The modern day prince seeks to bend public sector professionals to serve his needs. Numerous strategies have been put in place to secure this outcome, amongst which we find those of audit, performativity and surveillance. However, such practices do not easily secure the prince’s interests as they call forth all manner of resistances in an attempt to shape compliant subjectivities and identities. Such practices are working on ‘obstinately resistant material’ (Johnson, 1979). The wise prince will adjust his strategy accordingly and may indeed draw upon a rhetoric of professionalism, autonomy and empowerment thereby enabling the public sector worker and FE teacher to gain an illusionary sense of control, and even radicalism. If this teacher autonomy is located in the classroom or educational institution it can veer towards a form of comfort radicalism that whilst seeking to challenge the status quo does so only in appearance. In this way the Prince’s interests will be secured. The trick is to conceive of education as the starting point and that by necessity we need to develop an expansive politics that extends well beyond education and consequently moves beyond cynicism towards revolutionary practice.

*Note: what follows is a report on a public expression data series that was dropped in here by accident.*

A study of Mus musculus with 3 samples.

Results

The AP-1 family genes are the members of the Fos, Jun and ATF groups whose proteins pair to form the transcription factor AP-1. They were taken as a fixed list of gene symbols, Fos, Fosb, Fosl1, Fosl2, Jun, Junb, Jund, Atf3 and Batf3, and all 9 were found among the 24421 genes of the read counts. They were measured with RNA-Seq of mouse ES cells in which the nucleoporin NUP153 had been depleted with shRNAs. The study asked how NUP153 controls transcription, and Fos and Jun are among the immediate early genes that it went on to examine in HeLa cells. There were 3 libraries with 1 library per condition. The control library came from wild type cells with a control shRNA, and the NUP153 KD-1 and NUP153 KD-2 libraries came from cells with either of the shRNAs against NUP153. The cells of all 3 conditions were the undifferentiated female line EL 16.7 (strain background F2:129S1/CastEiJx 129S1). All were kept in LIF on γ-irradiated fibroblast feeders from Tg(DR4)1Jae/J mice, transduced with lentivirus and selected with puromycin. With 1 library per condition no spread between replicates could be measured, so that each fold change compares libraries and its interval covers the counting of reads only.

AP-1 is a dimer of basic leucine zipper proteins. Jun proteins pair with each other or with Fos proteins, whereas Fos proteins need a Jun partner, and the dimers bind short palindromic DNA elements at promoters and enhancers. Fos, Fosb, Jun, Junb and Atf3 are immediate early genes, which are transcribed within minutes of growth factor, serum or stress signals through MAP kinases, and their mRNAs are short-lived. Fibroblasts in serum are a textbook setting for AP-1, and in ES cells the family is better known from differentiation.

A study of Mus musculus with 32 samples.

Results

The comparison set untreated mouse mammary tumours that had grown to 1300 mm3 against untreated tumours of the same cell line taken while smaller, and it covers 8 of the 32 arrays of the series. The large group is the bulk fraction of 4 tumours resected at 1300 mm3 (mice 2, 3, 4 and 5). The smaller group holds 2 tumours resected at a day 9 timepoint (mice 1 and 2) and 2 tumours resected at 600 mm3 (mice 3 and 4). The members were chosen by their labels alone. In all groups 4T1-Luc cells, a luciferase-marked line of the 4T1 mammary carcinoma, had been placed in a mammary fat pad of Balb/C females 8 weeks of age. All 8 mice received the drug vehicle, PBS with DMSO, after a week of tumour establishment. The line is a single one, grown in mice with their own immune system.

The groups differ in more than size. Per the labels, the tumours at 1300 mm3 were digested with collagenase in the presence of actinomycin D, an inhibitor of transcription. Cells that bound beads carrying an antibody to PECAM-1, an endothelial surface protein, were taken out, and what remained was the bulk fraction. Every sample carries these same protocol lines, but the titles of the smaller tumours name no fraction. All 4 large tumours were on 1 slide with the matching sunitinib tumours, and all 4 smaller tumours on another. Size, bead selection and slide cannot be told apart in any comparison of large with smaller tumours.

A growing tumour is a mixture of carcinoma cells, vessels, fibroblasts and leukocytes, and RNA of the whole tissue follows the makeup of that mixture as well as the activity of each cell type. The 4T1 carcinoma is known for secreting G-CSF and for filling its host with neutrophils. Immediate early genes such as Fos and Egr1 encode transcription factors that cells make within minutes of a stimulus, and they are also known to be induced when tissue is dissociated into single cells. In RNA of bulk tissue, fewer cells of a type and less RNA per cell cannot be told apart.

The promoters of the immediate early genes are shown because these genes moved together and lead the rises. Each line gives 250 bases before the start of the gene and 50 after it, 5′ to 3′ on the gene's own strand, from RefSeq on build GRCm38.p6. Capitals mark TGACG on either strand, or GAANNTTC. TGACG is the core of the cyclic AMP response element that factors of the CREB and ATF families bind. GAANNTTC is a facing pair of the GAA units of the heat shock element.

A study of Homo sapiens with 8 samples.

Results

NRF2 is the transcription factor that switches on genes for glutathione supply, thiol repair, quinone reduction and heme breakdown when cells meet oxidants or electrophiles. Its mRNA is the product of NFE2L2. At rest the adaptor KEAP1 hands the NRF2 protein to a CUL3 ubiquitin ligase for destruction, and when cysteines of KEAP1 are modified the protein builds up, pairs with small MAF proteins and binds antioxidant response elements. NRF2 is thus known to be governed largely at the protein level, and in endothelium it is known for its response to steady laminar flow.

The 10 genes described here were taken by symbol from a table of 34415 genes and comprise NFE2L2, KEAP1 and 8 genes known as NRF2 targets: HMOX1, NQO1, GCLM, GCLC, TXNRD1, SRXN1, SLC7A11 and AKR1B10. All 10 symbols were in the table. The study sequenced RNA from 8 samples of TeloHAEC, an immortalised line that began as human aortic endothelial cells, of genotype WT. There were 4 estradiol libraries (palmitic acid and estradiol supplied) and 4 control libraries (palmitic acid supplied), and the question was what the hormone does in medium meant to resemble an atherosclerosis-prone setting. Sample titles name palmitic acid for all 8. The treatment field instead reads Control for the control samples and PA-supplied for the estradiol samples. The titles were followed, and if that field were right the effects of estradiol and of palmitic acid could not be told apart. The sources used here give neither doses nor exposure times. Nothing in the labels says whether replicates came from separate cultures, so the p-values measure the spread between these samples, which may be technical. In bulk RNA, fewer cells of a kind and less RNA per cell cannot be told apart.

|Title of host publication||The Principal|
|Subtitle of host publication||Power and Professionalism in FE|
|Editors||Maire Daley, Kevin Orr, Joel Petrie|
|Place of Publication||London|
|Publisher||UCL Institute of Education Press|
|Number of pages||8|
|Publication status||Published - 4 Sep 2017|
Avis, J. (2017). Beyond cynicism, comfort radicalism and emancipatory practice: FE teachers. In M. Daley, K. Orr, & J. Petrie (Eds.), The Principal: Power and Professionalism in FE (pp. 95-202). London: UCL Institute of Education Press.